Children, adults and even a dog showed showed up Saturday morning with decorated bicycles and tricycles, costumes and handmade toys to participated in the Full Cycle Reduction Fair's non-fossil fuel parade.
The children sported signs bearing slogans such as "We're the toxic crusaders" while marching or pedaling around the Douglas County 4-H Fairgrounds parking lot in costumes made out of cardboard boxes and recyclable bottles.
The day's events, which were aimed primarily at children, included exhibits by the Environmental Protection Agency and the city of Lawrence, door prizes and classes.
In addition to Saturday's event, a series of workshops were held Friday at the fair, sponsored by the city and Douglas County in observance of Public Works.
ELI LOGAN, a 6-year-old Topeka boy, described Saturday's fair as "wild" as he crawled out from underneath his costume, a large cardboard box covered with crushed aluminum cans, recyclable bottles and tin cans. Eli later won a toy dog made of milk jugs.
Local Boy Scouts and Girl Scouts showed up to learn and teach about recycling, something that Girl Scout Elizabeth Toman said her troop spends a lot of time discussing.
Elizabeth, 8, Lawrence, is home-schooled and said she was attending the fair as part of her classwork. "It's a good use" of time, she said.
Her brother, 3-year-old Jacob Toman, won a plastic watering bucket, which he said he would use to "give momma's flowers a drink."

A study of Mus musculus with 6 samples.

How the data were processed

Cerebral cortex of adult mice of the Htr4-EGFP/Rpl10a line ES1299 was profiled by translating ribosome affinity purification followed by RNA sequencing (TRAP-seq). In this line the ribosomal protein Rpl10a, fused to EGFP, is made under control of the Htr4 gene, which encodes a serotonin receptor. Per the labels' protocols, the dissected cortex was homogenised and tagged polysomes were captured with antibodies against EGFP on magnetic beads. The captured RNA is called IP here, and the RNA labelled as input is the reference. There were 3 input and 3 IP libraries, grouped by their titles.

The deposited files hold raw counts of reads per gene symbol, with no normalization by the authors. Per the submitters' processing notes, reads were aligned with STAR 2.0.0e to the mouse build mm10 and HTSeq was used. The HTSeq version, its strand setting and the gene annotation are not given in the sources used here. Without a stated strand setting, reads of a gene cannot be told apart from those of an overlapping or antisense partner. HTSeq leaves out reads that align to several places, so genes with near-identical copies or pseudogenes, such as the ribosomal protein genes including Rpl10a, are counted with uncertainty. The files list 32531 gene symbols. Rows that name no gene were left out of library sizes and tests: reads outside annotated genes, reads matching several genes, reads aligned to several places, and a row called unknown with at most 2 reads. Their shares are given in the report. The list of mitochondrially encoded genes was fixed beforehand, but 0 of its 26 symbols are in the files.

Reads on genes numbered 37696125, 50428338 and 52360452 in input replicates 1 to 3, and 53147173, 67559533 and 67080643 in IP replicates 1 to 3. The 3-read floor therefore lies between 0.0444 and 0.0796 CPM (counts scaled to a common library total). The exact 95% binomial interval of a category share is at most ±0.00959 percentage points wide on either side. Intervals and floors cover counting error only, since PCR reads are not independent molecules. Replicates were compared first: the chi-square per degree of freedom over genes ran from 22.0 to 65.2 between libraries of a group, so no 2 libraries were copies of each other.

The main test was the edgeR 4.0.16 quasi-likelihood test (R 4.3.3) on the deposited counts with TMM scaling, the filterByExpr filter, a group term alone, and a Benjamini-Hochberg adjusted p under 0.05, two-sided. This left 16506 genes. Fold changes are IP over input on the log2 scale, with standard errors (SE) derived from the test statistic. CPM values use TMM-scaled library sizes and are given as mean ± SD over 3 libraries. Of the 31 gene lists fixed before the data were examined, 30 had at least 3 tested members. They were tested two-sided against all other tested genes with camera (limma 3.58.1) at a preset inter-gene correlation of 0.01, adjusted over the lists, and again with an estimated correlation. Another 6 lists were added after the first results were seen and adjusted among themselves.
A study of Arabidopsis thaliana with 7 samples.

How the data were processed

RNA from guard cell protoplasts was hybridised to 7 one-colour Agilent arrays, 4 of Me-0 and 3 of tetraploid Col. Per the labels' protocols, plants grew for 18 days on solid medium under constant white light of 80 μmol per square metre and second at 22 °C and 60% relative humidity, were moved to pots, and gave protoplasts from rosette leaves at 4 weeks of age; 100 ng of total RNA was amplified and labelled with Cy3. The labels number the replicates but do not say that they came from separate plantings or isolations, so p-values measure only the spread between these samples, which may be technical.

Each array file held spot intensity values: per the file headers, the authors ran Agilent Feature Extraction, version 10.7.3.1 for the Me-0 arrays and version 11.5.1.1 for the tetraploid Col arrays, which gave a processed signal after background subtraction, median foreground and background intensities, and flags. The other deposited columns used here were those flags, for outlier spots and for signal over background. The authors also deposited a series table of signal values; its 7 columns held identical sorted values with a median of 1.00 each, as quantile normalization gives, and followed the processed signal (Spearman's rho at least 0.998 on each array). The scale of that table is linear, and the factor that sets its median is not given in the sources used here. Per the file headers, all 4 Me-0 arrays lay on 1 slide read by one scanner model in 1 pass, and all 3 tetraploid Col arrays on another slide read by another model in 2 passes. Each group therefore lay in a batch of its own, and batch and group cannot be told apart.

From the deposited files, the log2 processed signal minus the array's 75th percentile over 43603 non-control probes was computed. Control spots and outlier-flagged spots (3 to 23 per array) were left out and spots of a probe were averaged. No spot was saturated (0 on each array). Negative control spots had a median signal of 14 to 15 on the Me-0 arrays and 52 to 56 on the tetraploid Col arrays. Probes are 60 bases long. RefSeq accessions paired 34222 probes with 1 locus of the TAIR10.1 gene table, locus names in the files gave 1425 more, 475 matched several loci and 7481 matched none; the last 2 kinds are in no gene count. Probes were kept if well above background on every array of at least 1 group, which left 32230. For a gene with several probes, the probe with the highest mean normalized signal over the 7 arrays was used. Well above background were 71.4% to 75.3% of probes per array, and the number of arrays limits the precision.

The children were familiar with the subject of recycling because their family recycles items such as aluminum cans, and uses a compost, Paul Toman, their father, said.
ANOTHER LAWRENCE Girl Scout member also reported experience with environmentalism. Katherine Anderson, 6, said her Brownie troop picked up trash in parks and once found motor oil in a creek. The troop wrote a letter although she couldn't remember to whom about the oil, Katherine said.
Local businesses including Dillon stores, Simple Goods, McDonald's and Wal-Mart, also were represented at the fair.
Wal-Mart employees manned an exhibit advertising environmental features at their new store, scheduled to open in February 1993 at the southeast corner of 33rd and Iowa streets.
"It's a first-time test store trying to use all environmental systems possible," said Mike Benson, Wal-Mart store manager. Those systems include conserving and reusing water and replanting uprooted trees, instead of throwing them away.
A RECYCLING structure will be built next to the store so that the general public and the store can recycle items such as plastic, newspapers, oil and car batteries, said Patty Perez, Wal-Mart's ``green'' coordinator.
If the project is successful, the recycling methods will be incorporated into other Wal-Mart stores across the country, Benson said. The corporation chose Lawrence from a field of six cities for the project. "We feel really lucky to be chosen," he said.
Fairgoers also had the opportunity to attend classes on environmentalism. One class was taught by Sue Ask, a volunteer at WILDCARE, a rehabilitation center for wild animals. Using Kool-Aid, Ask demonstrated how pollutants in water can sometimes be invisible. She diluted the drink in an aquarium until it was impossible to see the Kool-Aid.
"IT'S A GOOD idea to try to influence children from an early age, and hopefully what they learn will stay with them," Ask said.
Pat Marvin, the city's recycling coordinator, also commented on the education of children attending the fair.
"They are learning to be consumers," she said. "They are aware that their dollar can influence people, that they have power in choosing who they buy from."